Manufacturer: AMD UK Price (as reviewed): approx £300 (inc VAT) (Estimated) US Price (as reviewed): N/A
We've known about AMD's plans for a super-boosting HD 7950 3GB for a while now. In short, it's looking to do the same with this popular mid-range card as it has with its flagship HD 7970 3GB. The latter was recently pushed down to second place in the AMD graphics card league table thanks to the arrival of the HD 7970 3GB GHz Edition, which currently retails for close to £400 with standard HD 7970 3GB's demanding less of a premium at anywhere between £300 and £350 depending on when and where you look.
The HD 7970 3GB GHz Edition is nothing more than a 75MHz core clock speed bump over and above that of the standard card, with boosting speeds varying depending on which third party manufacturer has gotten their mits on it to tweak the boost speed depending on the thermal headroom of their cooler.
The new kid on the block is simply called the Radeon HD 7950 3GB. For clarity's sake we'll be referring to the new model as the Radeon HD 7950 3GB With Boost - potential purchasers will need to make sure they're buying the right version by checking the clock speeds. Here, the card has received a 15 per cent increase in clock speeds, boosting up to 925MHz on the core, while third party manufacturers have tweaked things a little further; Sapphire for example, will be releasing a 950MHz boosting VapourX version of the HD 7950 3GB.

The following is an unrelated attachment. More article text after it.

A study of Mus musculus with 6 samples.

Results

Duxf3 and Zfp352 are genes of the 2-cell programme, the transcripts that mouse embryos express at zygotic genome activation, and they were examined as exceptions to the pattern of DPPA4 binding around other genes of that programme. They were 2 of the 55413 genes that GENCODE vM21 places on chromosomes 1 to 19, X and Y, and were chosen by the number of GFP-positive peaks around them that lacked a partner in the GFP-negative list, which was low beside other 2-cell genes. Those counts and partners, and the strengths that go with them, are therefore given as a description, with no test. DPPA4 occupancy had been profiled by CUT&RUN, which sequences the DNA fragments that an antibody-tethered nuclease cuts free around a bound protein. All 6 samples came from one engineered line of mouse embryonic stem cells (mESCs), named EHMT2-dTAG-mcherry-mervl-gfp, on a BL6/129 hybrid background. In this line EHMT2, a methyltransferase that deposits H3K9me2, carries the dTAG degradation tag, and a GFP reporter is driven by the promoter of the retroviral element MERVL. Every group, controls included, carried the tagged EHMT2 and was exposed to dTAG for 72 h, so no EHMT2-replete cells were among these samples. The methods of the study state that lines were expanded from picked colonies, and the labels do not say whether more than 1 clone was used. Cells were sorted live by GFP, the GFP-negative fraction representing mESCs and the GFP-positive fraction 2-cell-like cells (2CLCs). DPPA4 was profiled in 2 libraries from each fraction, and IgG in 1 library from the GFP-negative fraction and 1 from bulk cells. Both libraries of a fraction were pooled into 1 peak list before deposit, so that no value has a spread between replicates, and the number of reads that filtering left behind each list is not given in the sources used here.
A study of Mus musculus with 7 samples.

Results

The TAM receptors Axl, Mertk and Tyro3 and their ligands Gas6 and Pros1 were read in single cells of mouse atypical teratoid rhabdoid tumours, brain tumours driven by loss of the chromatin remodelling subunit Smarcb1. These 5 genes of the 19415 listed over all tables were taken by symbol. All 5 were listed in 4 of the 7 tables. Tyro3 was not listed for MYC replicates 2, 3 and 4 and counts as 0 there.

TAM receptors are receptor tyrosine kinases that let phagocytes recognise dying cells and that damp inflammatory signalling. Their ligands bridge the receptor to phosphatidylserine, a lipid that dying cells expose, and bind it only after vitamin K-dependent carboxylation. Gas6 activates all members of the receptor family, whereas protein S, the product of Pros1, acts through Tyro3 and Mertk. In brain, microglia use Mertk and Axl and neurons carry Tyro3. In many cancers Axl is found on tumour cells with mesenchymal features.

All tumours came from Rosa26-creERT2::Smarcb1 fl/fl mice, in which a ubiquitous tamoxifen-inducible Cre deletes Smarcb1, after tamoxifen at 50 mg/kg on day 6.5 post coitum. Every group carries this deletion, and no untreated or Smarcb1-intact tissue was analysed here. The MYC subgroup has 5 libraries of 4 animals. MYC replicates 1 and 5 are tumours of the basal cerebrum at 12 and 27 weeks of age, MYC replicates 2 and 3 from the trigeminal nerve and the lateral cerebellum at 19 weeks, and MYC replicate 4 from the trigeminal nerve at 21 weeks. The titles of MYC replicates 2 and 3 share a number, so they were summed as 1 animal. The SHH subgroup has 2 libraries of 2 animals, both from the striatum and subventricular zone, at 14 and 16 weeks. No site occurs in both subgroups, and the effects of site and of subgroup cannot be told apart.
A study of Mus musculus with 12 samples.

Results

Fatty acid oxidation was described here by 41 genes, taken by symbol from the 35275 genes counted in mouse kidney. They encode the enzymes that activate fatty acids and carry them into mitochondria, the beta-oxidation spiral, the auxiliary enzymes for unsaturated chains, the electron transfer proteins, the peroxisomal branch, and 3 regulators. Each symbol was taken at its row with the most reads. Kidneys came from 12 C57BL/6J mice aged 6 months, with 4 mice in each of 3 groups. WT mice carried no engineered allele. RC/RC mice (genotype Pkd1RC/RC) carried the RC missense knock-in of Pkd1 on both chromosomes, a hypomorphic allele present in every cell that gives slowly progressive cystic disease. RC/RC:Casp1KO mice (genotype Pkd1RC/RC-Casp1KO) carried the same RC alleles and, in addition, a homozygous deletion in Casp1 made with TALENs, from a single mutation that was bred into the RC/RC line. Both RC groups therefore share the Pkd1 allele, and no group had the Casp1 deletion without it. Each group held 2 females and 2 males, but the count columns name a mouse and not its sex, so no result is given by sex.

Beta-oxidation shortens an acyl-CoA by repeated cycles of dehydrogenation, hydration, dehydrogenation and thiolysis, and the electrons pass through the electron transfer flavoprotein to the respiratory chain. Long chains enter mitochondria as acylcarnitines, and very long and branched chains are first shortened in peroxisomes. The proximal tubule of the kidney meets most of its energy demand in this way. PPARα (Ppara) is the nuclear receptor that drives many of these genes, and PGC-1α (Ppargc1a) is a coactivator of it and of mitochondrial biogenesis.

Click to enlargeMost reference Radeon HD 7950 3GB's should have no problems with their BIOS being flashed to the Boosting version.
The new HD 7950 3GB With Boost we've used actually arrived before the original HD 7950 3GB launch, for the simple reason it's physically identical to the HD 7950 3GB. All AMD has done is apply a few tweaks to the BIOS, sent this to us with a flashing tool and a double click later we'd turned our reference card into the 925MHz Boosting model. While AMD told us that it won't be officially offering the BIOS to current HD 7950 3GB owners due to the fact it might apparently cause issues with some third party cards, it's a fairly easy way to get a nice little speed bump.
As far as price goes, we've been given a rough price of £300, which puts it a little pricier than current HD 7950 3GB's which go for between £250 and £280. AMD, though, has told us the new SKUs arriving in the next few days should retail for the same price as current cards. However, as with the HD 7970 3GB GHz Edition, despite the fact the HD 7950 3GB With Boost will apparently go on sale from 16th August, we suspect supply could be extremely limited or non-existent. We hope to be proved wrong, but in any event, it will stand along side stock cards for the time being, so grabbing one and flashing the BIOS yourself.